Sunday, January 15, 2023

Mendelssohn & Monet

I was listening to a favorite symphony this morning, Mendelssohn’s Fourth, the Italian Symphony. The first movement is as sunny as I’ve ever known it to be in Italy, even in Tuscany. I started wondering about all the little details that make it sound that way, and I decided to have a look.

Recently I have rediscovered a free music notation software called MuseScore. Version 4 was released late last year, a major upgrade in many ways, especially the orchestral sounds that are bundled with it. It can render audio from a score with astounding realism, though there are occasional glitches and instruments that don’t sound so perfect. Of course it will improve -- and it’s already amazing. The quality of the “engraving” (the way music is presented on the page) has also greatly improved, sometimes to the point of beautiful (see example taken from a PDF below). And did I mention it’s free?

I wondered if any of the many users on might have entered and shared the score for the Italian Symphony. Someone did, at least for the mostly sunny first movement, and they did an excellent job. I downloaded it to my PC and listened with headphones as the score scrolled in time with the music. Still beautiful and even more amazing to watch as the notes and dynamic markings turn into music.

I listened again, this time selecting individual instruments or combinations to see how the pizzicato on the celli played against the fast tremolo on the second violin and viola, and how high melodic fragments in the woodwinds brightened the sound with splashes of color.

Hearing the parts in isolation, it was clear where Mendelssohn had left holes to be filled by other instruments. And how he had used the dynamics from p (soft) to fff (very loud) to vary the texture and and create contrast.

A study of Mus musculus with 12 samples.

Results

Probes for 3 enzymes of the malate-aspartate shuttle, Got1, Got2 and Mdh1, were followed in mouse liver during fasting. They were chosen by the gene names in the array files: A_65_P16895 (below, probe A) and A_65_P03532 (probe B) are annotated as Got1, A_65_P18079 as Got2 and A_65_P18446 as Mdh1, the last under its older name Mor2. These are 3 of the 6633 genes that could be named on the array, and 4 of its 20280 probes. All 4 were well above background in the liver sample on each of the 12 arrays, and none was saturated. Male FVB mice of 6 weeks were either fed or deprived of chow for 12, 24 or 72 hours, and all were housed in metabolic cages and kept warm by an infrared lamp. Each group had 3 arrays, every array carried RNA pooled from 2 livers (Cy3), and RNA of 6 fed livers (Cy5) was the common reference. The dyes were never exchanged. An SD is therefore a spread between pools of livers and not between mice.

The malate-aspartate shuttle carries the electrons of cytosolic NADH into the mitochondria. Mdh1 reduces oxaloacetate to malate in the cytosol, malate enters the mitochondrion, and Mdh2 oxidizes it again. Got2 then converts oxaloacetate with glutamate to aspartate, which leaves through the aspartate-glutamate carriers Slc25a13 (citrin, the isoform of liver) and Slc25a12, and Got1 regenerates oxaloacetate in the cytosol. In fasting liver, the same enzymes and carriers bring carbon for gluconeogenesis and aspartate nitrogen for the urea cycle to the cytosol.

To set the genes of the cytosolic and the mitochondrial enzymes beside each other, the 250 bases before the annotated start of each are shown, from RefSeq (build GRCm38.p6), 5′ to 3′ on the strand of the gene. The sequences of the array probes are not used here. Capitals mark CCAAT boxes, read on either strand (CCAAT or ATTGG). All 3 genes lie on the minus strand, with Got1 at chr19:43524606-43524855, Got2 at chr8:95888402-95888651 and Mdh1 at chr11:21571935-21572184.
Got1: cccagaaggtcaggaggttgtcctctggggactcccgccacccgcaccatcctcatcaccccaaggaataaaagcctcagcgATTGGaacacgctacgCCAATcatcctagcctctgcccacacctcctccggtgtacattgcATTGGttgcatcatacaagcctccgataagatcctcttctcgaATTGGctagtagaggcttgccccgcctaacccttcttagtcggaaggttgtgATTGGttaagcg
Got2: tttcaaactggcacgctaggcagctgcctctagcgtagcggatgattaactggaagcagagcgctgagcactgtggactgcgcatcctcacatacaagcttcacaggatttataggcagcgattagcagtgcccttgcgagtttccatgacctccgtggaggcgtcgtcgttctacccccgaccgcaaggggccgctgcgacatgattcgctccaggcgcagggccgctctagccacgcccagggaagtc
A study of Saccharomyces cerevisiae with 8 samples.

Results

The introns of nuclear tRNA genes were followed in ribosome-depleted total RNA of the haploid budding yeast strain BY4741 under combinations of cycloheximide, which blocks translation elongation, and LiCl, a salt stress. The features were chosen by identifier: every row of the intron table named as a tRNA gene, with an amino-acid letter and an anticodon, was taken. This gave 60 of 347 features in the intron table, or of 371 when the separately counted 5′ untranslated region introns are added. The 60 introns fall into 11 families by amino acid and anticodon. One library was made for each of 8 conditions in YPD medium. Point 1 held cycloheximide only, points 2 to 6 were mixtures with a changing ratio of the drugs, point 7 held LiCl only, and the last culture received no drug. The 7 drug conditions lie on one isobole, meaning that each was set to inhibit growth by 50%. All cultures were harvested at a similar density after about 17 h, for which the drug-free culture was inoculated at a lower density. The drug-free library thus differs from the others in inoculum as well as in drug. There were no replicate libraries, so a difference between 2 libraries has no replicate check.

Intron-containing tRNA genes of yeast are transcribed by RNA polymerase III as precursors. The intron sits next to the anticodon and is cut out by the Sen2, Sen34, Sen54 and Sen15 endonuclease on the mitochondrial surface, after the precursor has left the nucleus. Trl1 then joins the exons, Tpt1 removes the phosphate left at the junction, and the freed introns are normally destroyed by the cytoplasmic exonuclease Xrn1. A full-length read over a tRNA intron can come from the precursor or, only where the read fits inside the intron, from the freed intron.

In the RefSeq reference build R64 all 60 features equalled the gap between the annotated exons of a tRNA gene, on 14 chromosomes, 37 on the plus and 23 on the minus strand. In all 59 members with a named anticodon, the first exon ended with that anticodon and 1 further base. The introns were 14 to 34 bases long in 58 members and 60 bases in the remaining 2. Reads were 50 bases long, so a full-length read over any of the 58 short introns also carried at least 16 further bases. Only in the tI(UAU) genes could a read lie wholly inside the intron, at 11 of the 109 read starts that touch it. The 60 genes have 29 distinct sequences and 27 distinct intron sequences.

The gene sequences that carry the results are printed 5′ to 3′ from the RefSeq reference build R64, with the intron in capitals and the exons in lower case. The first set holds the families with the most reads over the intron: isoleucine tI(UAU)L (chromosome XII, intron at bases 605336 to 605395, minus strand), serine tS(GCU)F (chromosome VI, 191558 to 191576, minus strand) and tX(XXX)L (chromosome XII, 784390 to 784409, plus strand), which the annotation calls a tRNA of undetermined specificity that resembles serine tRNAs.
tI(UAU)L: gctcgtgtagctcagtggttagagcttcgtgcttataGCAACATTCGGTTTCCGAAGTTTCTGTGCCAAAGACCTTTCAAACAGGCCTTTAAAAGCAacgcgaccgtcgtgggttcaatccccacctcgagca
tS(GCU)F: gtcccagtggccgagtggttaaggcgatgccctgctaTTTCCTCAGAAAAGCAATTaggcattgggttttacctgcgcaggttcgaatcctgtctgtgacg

Texture, splashes of color, contrast -- these sound like visual references, and for some reason I thought of Monet’s Water Lilies series. I’ve been lucky to see a number of those amazing works in the US and in Europe over the years, most recently at the Kunsthaus Museum in Zurich in 2016. A room there displays three of the gigantic paintings.

I’m not a painter, but whenever I see any great painting, I will get close and marvel at how very small or even tiny applications of paint have combined to create the overall look of the painting, in whatever level of detail the artist chose to depict.

Artists clearly must learn to keep “the big picture” in mind as they work on the small details, but in the case of the Water Lilies, the big picture is really big. The Water Lilies I saw in Zurich are 6 meters in width and 2 meters tall. I visited Monet’s home in Giverny many years ago, and I have seen photos of the artist working on these gigantic canvases in his large studio, so I have some sense of the environment in which he worked. Clearly, he could only see a small part of the canvas as he worked on it. This “artistic scaling” of thousands of brushstrokes into a huge, coherent, and beautiful painting still seems like magic to me.

I feel much the same about the way Mendelssohn and other composers can conceptualize a large, complex piece like a symphony and then construct it from thousands of notes and other musical elements. Until recently, this could only be done by writing the score on paper and having musicians play it. A piano might serve as an aid in trying out harmonies and rhythms, but the only way to “hear” the interactions of multiple instruments would be to “play it” in your head from the written score. This is a skill that experienced musicians may develop, but not me, unfortunately. Luckily for my composing efforts, there are now tools like orchestral sample libraries, recording software like Studio One, and of course notation programs like MuseScore 4 that will allow me to hear a score at any point in its development without needing this skill.

It’s always fun to find connections among my various interests, and to be reminded of a wonderful place like Zurich. Hard to believe that was almost seven years ago. I’d love to go back. I’m also happy that MuseScore 4 has come along to help me explore some of favorite music in more detail, and to even create some of my own.